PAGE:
When we were advising these companies, we found three key drivers of success embedded in their Trust Index™ employee survey results.
Acting on these areas can help create the fastest improvements in your culture, which will likely be reflected in your employee survey scores:
1. Close experience gaps
When HR managers consider employee survey results at a high level, they often look at overall scores, which are calculated by adding up every employees’ response and taking an average. However, what an average can hide is that different groups of people can have drastically different experiences at work.
If you only look at averages, an organization where male employees score 90% and female employees score 50% looks the same as an organization where everyone scores 70%. But the first organization obviously has some serious issues to address.
While a gap this extreme is rare, nearly every organization has some gaps in experience. There are two reasons to identify these gaps and to close them.
Raising the scores of your more marginalized groups will raise your average, but it will also improve the experience of all employees, not just the ones in the marginalized groups. Organizations that are diverse, inclusive and equitable perform better and have better workplace cultures than those that are not.
Creating an experience that’s equal for everyone is so crucial that consistency of experience across demographic groups is one of the most important criteria that determine who makes our Best Workplaces lists.
When we say an organization is one of the best places to work, we mean that it offers a world-class experience to everyone who works there, not just some or most people. Organizations with higher overall scores can and do lose list positions to organizations with more consistency.
When you look at your results, consider which groups of employees – big or small – are having a less positive experience. Why are some groups' experience less positive than others?
2. Identify and lean into your strengths
Humans experience something that psychologists call the “negativity bias." It causes us to assign more weight to negative things than positive ones. It may be because of this bias that when looking at survey results, leaders will often spend most of their time on the areas where their scores are lower. While it’s certainly important to look at those opportunity areas, it’s equally important to focus on your strengths.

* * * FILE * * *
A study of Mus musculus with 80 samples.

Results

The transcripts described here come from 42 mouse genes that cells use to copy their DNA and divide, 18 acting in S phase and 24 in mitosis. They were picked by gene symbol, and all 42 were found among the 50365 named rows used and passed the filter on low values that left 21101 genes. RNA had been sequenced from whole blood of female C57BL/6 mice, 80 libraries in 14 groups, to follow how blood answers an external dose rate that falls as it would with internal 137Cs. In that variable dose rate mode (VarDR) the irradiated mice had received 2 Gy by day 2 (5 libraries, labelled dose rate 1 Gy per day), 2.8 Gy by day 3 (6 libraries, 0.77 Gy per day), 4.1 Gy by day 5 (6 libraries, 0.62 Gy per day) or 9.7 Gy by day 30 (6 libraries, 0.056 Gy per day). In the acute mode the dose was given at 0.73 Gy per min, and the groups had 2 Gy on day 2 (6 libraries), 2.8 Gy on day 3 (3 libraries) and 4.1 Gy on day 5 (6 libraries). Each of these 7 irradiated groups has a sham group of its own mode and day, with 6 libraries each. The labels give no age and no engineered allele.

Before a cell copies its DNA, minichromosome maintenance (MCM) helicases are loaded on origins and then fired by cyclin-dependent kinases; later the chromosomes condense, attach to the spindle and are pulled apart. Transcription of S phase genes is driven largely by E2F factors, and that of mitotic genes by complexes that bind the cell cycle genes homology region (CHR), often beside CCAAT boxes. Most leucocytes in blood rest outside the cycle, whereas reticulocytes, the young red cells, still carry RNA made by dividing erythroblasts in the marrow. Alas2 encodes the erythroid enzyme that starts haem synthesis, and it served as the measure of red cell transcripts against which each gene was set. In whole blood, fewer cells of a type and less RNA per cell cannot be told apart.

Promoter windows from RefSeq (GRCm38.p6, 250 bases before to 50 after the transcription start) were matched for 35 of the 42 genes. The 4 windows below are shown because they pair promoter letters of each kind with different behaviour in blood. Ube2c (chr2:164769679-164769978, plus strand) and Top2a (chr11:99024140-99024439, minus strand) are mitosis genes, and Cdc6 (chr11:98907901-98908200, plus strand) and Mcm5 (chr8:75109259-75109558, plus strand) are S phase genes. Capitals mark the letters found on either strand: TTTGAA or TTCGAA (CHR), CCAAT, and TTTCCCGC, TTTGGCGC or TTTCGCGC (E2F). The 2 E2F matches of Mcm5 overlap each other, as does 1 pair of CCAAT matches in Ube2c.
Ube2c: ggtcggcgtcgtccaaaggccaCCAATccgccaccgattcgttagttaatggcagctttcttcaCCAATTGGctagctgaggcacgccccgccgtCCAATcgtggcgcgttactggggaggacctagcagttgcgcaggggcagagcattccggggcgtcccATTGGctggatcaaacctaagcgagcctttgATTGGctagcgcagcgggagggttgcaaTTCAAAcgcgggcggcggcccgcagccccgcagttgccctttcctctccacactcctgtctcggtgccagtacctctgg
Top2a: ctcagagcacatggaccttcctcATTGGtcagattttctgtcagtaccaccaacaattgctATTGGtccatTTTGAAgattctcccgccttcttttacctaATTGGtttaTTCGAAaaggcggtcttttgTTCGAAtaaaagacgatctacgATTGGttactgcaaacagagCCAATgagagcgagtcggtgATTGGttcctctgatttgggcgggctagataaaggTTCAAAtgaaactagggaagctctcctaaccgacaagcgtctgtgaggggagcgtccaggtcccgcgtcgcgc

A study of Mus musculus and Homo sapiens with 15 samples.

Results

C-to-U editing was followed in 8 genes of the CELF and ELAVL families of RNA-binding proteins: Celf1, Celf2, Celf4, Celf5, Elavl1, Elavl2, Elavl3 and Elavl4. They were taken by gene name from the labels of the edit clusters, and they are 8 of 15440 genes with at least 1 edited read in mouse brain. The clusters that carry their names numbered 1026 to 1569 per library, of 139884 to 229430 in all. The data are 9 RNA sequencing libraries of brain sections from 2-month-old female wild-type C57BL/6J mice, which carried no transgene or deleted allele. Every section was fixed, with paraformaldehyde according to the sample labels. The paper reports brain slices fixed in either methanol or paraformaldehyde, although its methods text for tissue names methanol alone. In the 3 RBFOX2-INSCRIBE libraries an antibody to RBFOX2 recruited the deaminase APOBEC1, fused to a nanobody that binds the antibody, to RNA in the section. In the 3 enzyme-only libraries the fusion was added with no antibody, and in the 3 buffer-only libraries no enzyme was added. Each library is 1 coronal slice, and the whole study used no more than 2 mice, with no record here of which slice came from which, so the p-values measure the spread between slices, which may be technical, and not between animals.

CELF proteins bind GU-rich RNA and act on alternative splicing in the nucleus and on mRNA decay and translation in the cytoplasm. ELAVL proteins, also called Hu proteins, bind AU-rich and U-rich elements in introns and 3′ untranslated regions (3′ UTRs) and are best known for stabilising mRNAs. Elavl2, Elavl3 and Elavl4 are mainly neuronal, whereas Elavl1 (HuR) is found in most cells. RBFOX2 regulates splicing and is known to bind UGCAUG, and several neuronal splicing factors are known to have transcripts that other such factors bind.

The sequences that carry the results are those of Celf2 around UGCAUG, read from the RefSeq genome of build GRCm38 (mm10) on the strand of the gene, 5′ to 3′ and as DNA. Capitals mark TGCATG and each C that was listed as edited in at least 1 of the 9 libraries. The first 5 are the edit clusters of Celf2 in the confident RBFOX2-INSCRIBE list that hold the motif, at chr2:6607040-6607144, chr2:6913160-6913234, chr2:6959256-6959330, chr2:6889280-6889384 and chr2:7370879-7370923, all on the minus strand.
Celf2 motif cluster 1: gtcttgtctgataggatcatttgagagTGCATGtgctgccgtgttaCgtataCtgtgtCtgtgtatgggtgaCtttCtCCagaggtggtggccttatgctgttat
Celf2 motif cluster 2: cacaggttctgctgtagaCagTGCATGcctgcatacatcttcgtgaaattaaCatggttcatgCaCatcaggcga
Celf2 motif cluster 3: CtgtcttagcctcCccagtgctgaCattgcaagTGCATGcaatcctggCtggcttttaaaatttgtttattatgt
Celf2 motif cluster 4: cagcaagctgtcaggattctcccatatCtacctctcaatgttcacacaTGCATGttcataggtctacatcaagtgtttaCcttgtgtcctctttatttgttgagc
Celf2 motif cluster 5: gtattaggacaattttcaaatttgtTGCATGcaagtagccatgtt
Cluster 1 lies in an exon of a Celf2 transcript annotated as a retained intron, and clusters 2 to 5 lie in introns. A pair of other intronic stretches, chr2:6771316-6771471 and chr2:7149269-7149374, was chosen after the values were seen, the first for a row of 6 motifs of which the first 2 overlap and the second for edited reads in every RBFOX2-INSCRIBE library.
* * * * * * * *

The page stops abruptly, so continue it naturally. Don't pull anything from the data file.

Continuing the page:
The best companies don’t just do everything kind of well. They have unique areas of strength that make them stand out from the competition. Look for the things that make your organization special and try to emphasize them.
For example, maybe your organization prides itself on being innovative, and you have the survey results to back it up. Instead of resting on your laurels, look for even more ways to innovate. You already have a recipe for success, so it’s just a matter of leaning in rather than starting from scratch.
Information on your areas of strength may not come directly from the survey. Your company’s values can often tell you what your strengths are, or should be. For example, if your organization values cooperation and your scores on this are good, but not exceptional, you have an area to leverage. For another organization, good scores on cooperation might be enough, but because it’s special to you, it’s worth focusing on.
Try to think of the three things you would like employees to say when they describe why your organization is special. Do your survey results reflect the experience you want your employees to have in those areas?
3. Understand cause and effect
No part of the employee experience happens in a vacuum. If an employee feels that their manager doesn’t take an interest in them, for example, that lack of personal connection might make the employee feel like they’re being passed over for promotions or raises.
If we only looked at the feedback on how employees perceive promotions and not how they perceive managements’ interest in them as people, we might focus too narrowly and miss the forest for the trees.
It’s important to take a holistic view to understand how different parts of the employee experience connect to one another.
Some parts of the employee experience tend to have more of these connections than others. If management doesn’t communicate well, for example, it’s generally hard to get much of anything done.
Personal relationships also tend to have strong effects on overall experience: If an employee doesn’t feel that their manager is honest, relatable, or caring, they will interpret all of their manager’s actions in a less positive light.
Understanding the connections between different parts of the employee experience can help guide your decision-making when you’re action planning. If you want to improve scores in a specific area, but you identify something that’s getting in the way a positive experience, you should be focusing on the root cause, not the symptom.
Areas with lots of connections to other experiences, like communication, can also be higher impact – it is better to focus on such areas because your efforts will yield greater improvements overall.
When you look at your results, do you see common threads that might connect your opportunity areas? Can you identify one or two areas that, if addressed, would help in many others?
Ready to move the needle?
If you’re not already using the Great Place to Work survey, reach out to us to learn about how we can help you improve employee engagement and become eligible for one of our Best Workplaces lists. If you are ready to be recognized for your strong company culture, apply to get on a Best Workplaces list.